This post is a summary of part-1 of a longer paper “Strategic Management Accounting and Dynamic Business Models“
Get that part-1 paper here.
(Problems? .. copy http://sdl.re/SMApaper1 to your browser)
The Accounting profession has long contributed more than simply financial analysis of business performance – but could do so much more.
The aims of strategic management accounting
Both the Chartered Institute of Management Accounting (CIMA) and the Association of Chartered Certified Accountants (ACCA) see this as a critical capability for accounting professionals. CIMA defines Strategic Management Accounting (SMA) as … ‘the provision and analysis of management accounting data about a business and its competitors, for use in developing and monitoring business strategy’ (I guess it’s an over-sight that there is no mention of actually implementing the strategy!)
However, the CIMA report “Management accounting in support of the strategic management process” finds there has been little agreement among academics and professionals on the definition of SMA, and on the techniques by which it might be deployed.
In the German-speaking world and much of former E Europe, the ‘Controlling’ profession has long had a more strategic role than just business reporting and analysis (See the International Group of Controlling [IGC] ). Controllers are often the internal strategy consultants, supporting the CEO and Exec board, with authority to initiate studies and projects they believe to be important (see the IGC’s Controller Competence Model) – which includes a requirement to understand “Basics and methods of the strategic management process”). The guidance of the IGC, like that of the ACCA, is to deploy standard strategy methods (with those same limitations, which will be explained).
BUT … two big problems
1. There’s more to “strategic management” than just the strategic plan.
We need strategies for every function, not just for the business as a whole – strategies for HR, information-systems, marketing & sales, and so on. Those plans must fit with the overall plan but will go into more detail – e.g., staff skills and experience, IS functionality, customer segmentation.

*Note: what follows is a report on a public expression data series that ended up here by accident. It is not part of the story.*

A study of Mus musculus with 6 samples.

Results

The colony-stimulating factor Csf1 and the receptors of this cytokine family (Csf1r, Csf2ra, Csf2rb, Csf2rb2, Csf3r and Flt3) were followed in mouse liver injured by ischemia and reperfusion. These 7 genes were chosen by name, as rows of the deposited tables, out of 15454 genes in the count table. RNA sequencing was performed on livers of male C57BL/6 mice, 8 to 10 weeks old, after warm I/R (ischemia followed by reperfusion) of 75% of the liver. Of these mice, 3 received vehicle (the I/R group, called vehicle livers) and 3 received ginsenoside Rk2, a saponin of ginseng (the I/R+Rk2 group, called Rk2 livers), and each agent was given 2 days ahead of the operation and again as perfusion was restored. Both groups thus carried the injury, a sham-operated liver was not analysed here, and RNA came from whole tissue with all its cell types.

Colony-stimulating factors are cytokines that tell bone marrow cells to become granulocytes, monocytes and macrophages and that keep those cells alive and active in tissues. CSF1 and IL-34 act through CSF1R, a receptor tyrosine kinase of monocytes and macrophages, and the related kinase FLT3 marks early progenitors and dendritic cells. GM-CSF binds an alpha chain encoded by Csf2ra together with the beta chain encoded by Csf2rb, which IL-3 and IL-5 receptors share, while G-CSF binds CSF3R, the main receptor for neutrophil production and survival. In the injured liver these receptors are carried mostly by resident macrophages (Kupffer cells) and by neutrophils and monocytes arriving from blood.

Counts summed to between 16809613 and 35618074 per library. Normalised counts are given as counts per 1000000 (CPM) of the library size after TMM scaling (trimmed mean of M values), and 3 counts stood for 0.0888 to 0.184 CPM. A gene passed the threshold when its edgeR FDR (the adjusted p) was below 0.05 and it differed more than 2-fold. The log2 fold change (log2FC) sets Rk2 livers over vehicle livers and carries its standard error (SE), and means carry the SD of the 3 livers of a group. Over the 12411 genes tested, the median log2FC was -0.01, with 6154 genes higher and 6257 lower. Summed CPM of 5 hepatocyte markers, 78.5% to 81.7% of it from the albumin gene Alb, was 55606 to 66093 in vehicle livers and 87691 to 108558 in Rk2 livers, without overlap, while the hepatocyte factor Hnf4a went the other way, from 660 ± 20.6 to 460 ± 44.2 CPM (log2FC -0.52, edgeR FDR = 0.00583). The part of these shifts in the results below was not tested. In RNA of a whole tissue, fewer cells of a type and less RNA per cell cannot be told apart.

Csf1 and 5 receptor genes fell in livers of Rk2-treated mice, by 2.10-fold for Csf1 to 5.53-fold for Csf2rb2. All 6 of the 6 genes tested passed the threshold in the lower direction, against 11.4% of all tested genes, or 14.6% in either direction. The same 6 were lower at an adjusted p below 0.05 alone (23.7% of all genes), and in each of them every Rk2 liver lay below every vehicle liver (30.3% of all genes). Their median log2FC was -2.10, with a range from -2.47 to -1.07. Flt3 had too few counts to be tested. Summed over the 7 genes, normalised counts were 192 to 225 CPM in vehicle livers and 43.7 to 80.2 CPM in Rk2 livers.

One-off issues also require strategies, from small problems like fixing a service quality problem, to larger-scale challenges such as fighting off a competitive attack. And substantial initiatives need SMA support too, like entering a new market, or making an acquisition.
And organisations often undertake improvement programs, on issues such as data security, health and safety, and energy efficiency. Such programs need to be planned, monitored and adjusted as they progress, in light of emerging data on their impact.
And for all these needs, SMA must continually inform the implementation of the strategy – annual or quarterly reporting supplemented by one-off investigations of specific issues is not adequate. So it must run on a much faster time-clock – quarters or years are quite inadequate! First, things clearly change much faster than these long time-periods – significant changes certainly occur on a monthly or weekly basis, if not daily. And we can and do react faster, adjusting decisions of strategic significance on a monthly, weekly or daily basis in the light of the latest period’s data (“strategic significance” meaning that those decisions affect medium- to long-term performance).
2. The available strategy methods simply cannot meet those needs.
I checked the guidance offered by some professional bodies for management accountants, e.g. ACCA’s Performance Management module on SMA and the IGC’s Controller Competence Model. Both pick up the standard frameworks and methods from the “strategic management” field – as taught to MBAs and Execs in business schools. (Quite reasonable, of course – what other source might they go to?)
Problem is, none of those strategy frameworks and methods offer anything that can fulfil the needs outlined above. First, those methods contribute only to the overall strategic plan – they say nothing about functional strategies, one-off issues, significant issues or improvement programs.
The methods are almost entirely qualitative – checklists, word-block diagrams and so on. Accountants expect to offer quantified findings and recommendations, not descriptive generalities.
Those methods are mostly static situation-analysis, so offer the same (qualitative) answer whenever they are used. They say nothing at all about how the business and its performance change over time. (In case you are familiar with those methods, you would get very nearly the same result from applying them today to, say IKEA, as you would have got from applying them 40 years ago – whether that’s analysis of its competitive forces, PEST factors, business-model canvas …)
What Strategic Management Accounting needs to offer
This may look like an impossible set of requirements to meet – but it is not. This is entirely achievable.